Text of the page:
This review of It Shoulda Been You at the Smithtown Center For The Performing Arts was written by Dr. Thomas Robert Stevens and published in Volume X, Issue 7 (2017) of the online edition of Applause! Applause!
It Shoulda Been You
Based on a concept by Barbara Anselmi
Book & Lyrics by Brian Hargrove
Music by Barbara Anselmi
Additional Lyrics by Michael Cooper, Will Randall,
Carla Rose Fisher, Ernie Lijo & Jill Abramovitz
Directed by Ronald Green III
Musical Director: Melissa Coyle
Choreographer: Allison Carella
Set Design: Timothy Golebiewski
Smithtown Center For The Performing Arts
2 East Main Street
Smithtown, New York 11787
It Should Been You premiered at the George Street Playhouse in New Brunswick, New Jersey on October 4, 2011 closing on November 4, 2011. It eventually made its way to Broadway opening at the Brooks Atkinson Theatre with previews from March 17, 2015 with an official opening on April 14, 2015. The show closed after 31 previews and 135 regular performances. It is a highly entertaining play with an enjoyable score and a well-written book. Brian Howard, a Christian, is marrying Rebecca Steinberg, a Jew, and their parents couldn't be prouder except for a few reservations given their different religious beliefs. But as it turns out, Brian and Rebecca have more in common than is at first apparent. The web of deceit and chicanery is being aided and abetted by Greg, Brian's Best Man, and Annie, Rebecca's Co-Maid of Honor. They, too, harbor secrets. Clueless and out of the loop are Jenny, Rebecca's sister, and Marty, who was friends with both sisters and was accidentally told about the wedding. After some delays, second-thoughts, and disruptions, the wedding goes on as planned and the first act ends with a pair of unlikely kisses. The second act is far more interesting and humorous than the first. No matter what you think of the first act, don't leave! Every song, joke, and interaction in the second act will capture your attention as the book takes you on a roller-coaster ride that leads to three more wedding ceremonies and the announcement of a pregnancy. But who could the father possibly be?
This production of It Shoulda Been You features an extremely talented cast, live music, and some memorable show tunes. The impressive lead actress in the show is Katie Hoffman, who plays Jenny Steinberg, the bride's sister and Co-Maid of Honor. She has a marvelous voice and is given plenty of opportunities to show it off when singing "I Never Wanted This," "This Day" (with the full company), "Perfect" (with Rebecca & later with Marty), "Who" (with Marty), "Beautiful," and "Jenny's Blues." The Jewish Steinberg Parents, Judy (Emily Nadler) and Murray (Joe Morris) are stronger than the Christian Howard Parents, Georgette (Anne-Marie Finnie) and George (Mark T. Cahill) but all do a fine job. The parents' performance of "That's Family" is quite memorable. Judy also nails "What They Never Tell You." Brian Howard (Joey Mele) has good chemistry with Greg Madison (Bobby Peterson) as does Rebecca Steinberg (Katie Ferretti) with Annie Shepard (Alicia Bagley). Brian and Rebecca are also believable as having been long-time friends. Rebecca raised important issues while singing the lyrics of "A Little Less Than" and the most hilarious number was "Love You Till The Day," a duet sung to the new bride and groom by Greg and Annie. You have to see this number performed to fully appreciate it. Scott Johnson was particularly believable as Marty Kaufman and I was emotionally moved by his rendition of "Whatever." If I was so inclined, I might even have said yes. Mark Decaterina was forgettable and uninspired in the role of Albert, the Wedding Planner. Jodi Saladino was fine as jealous, spiteful, inebriated Aunt Sheila (she also was Mimsy) while Carl Tese was too old to be cast as Walt, the Busboy (he was also Uncle Morty).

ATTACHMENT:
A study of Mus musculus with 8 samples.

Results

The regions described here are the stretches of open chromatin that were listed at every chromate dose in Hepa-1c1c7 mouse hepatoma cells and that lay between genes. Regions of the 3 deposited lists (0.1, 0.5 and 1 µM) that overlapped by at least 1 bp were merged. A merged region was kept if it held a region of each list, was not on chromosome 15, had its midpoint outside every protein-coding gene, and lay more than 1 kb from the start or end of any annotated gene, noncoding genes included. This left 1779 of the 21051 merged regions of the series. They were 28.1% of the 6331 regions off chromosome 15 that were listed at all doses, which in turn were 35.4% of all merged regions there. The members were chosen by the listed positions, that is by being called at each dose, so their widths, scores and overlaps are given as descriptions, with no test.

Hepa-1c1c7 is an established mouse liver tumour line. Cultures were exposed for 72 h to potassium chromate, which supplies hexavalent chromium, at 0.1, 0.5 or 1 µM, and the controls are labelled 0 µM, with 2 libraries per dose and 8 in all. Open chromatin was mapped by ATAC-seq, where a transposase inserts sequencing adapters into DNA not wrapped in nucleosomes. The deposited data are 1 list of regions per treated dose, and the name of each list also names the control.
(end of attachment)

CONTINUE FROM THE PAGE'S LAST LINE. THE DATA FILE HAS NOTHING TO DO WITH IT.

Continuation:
Jenny's best line was when she told her mother she thought she saw a rat, "It came out of the closet but I think it went back in." Annie's best line was "I think it's easier to be black than it is to be gay. I never had to tell anyone I was black." Giving grief to his dad, Brian told his father, "Nature or nurture - it's your fault." Albert's best two lines were "It's time for the wedding deception" and "I didn't see that coming!" Murray Steinberg responded to the line "You can't imagine how shocked we were when we found out" by saying "Yes, I think I can" and when someone was hesitating about revealing yet another secret, Georgette Howard said, "Please! That horse has left the barn!" Georgette turns out to be one happy camper when she finds out her son is gay (for reasons I shall leave undisclosed) while Brian's father George is thrilled his son scored a home run for their team.
It Shoulda Been You is the third show in the 15th season of the Smithtown Center For The Performing Arts. It is a delightful and funny musical I highly recommend you see. "Once you start coming out" to see shows at this theatre, you will be quite impressed with their quality and will find it "hard to stop." Just don't throw up in the Ladies Room and make sure you don't unintentionally reveal any secrets there while Aunt Sheila is having sex with the Busboy in the next stall. Oh, and as a lawyer, I highly recommend you have your future life partner sign that prenuptial agreement. The trajectory of love is quite unpredictable and it is not all wine and roses.
This production of It Shoulda Been You at The Smithtown Center For The Performing Arts runs through April 15, 2017. Tickets cost $35.00 for adults, $32.00 for seniors, and $20.00 for students with valid identification. You can make reservations by visiting www.smithtownpac.org. For more information, call 631-724-3700.